Jetola Blair is a world-class marathon runner. It’s something she stumbled upon by accident, after looking for a way to honor a friend who died of leukemia. Blair wanted to do something to honor her memory and “nothing seemed right.” Someone suggested she run a half marathon for the Leukemia and Lymphoma Society.
“I didn’t want to run, but I’d raised money and I felt like a fraud because with the pace I was training, I wasn’t going to be able to participate. So I upped my training. The next thing you know, I signed up to do the Houston Half Marathon,” she said.
From there, Blair set out to conquer marathons all over the world, and she looked forward to hitting her ten-year milestone at the Boston Marathon. Then, she tripped on a sidewalk while in New York preparing for the New York Marathon this past November. That left her ankle broken in three places. She was unable to walk, let alone run. Doctors told her to give up the dream of the Boston Marathon, which took place last month. But Blair had never been a quitter and wasn’t about to start now. She shared her story with the Defender.
Defender: What did your recovery and rehab plan entail?
Jetola Blair: I came home and I had surgery to repair my foot. They inserted a titanium plate with seven pins. I had to learn to walk again. I credit my physical therapist because he understood what I was going through mentally. He helped me break through the mental barriers, pushing me at every session. And it hurt. There were days when I sat in the car afterward and just cried because it was so painful. But we were working as a team because when I first met with him, he said, ‘What’s your goal?’ I said, ‘I want to run the Boston Marathon.’ He chuckled at first because he thought I was joking. And then he realized I was serious. And he said, ‘Well, let’s figure out how to make that happen.’ I went to therapy several times a week. My therapist was very caring and understanding, and he listened to me. So I’ve always felt like the treatment was a partnership, he wasn’t just telling me what to do. We decided together what I was going to do. I’d come back and give him feedback, how it felt, what worked, what didn’t work. And then he progressed from there.
Defender: You recently completed the Boston Marathon, exceeding doctor’s expectations. What motivated you?
Blair: When I crossed the finish line, I was like, ‘Oh my God, I can’t believe I actually did it.’ But this particular Boston marathon was really important to me because it would’ve been my 10th consecutive. And that’s a big deal because when you hit your 10th consecutive race, your status changes to legacy status and you get to register early and no longer have to worry about the cutoff. And the reason Boston has a cutoff is because the number of places are fixed. It’s 30,000. That’s not going to change. If 60,000 people apply, it’s 30,000 spots. Everybody worries about that, and I no longer have to.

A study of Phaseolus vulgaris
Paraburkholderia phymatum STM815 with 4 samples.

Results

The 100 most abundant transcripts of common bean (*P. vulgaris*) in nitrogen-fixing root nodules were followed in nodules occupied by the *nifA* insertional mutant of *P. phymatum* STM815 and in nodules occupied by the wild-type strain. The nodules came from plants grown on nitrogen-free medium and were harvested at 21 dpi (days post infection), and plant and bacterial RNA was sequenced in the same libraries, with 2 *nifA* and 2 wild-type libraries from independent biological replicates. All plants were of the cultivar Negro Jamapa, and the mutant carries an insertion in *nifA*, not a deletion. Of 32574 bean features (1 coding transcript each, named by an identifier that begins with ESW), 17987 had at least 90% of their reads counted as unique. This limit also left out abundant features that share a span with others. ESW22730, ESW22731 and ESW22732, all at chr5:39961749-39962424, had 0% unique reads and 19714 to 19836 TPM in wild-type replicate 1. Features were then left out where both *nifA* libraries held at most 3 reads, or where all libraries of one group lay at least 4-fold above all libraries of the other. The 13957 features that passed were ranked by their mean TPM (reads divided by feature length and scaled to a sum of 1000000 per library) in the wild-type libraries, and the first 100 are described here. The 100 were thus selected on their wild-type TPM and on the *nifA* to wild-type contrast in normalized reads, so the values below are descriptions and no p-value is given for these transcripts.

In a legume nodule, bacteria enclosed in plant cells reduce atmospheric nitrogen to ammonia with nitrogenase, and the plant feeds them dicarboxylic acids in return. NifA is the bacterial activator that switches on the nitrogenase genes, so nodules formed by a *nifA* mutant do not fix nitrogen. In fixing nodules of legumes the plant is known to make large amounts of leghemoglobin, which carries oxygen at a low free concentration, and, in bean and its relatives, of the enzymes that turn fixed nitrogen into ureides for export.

Defender: You started out walking and thought you’d never like running. How did that change?
Blair: My coach said, “How about you try to run one minute out of each mile you walk.” That’s how it started until I realized that I liked the running portion of it. There’s so many aspects to running. The mental part of it, the solitude. I have written books in my head, I’ve solved all the problems of the world or just that time to be and not be obligated to anybody or have to do anything to just be. There’s a physical part of it, it makes you feel good. I like cupcakes, and running allows me to eat more cupcakes than the average person. The other part is the social aspect that I enjoy. I live and run in Houston, but there’s this whole network all over the world.
Defender: What’s your next goal?
Blair: There are six races that have received this designation as the world majors – New York, Boston and Chicago, Berlin, London, and Tokyo. When you complete those six, you get this big beautiful medal and you’re listed forever as a six-star finisher. So personally, I have five stars. Tokyo would’ve been my fifth star last month, but because of the injury I had to defer. But God willing, I’ll be able to do it next year and finally get my sixth year.
Defender: What words of encouragement do you offer to other runners?
Blair: Perseverance and just setting your eyes on a goal are key. And this can apply to anyone looking for inspiration. Don’t listen to anybody who’s giving you negative advice. No matter how big and scary it is, go for it. Even if you are scared, try because you just might make it. And even if you don’t make it the first time, try again and again. Because that’s what life is about. Everything won’t always fall into place the first time, but if you just keep that spirit of perseverance, that’s the joy right here.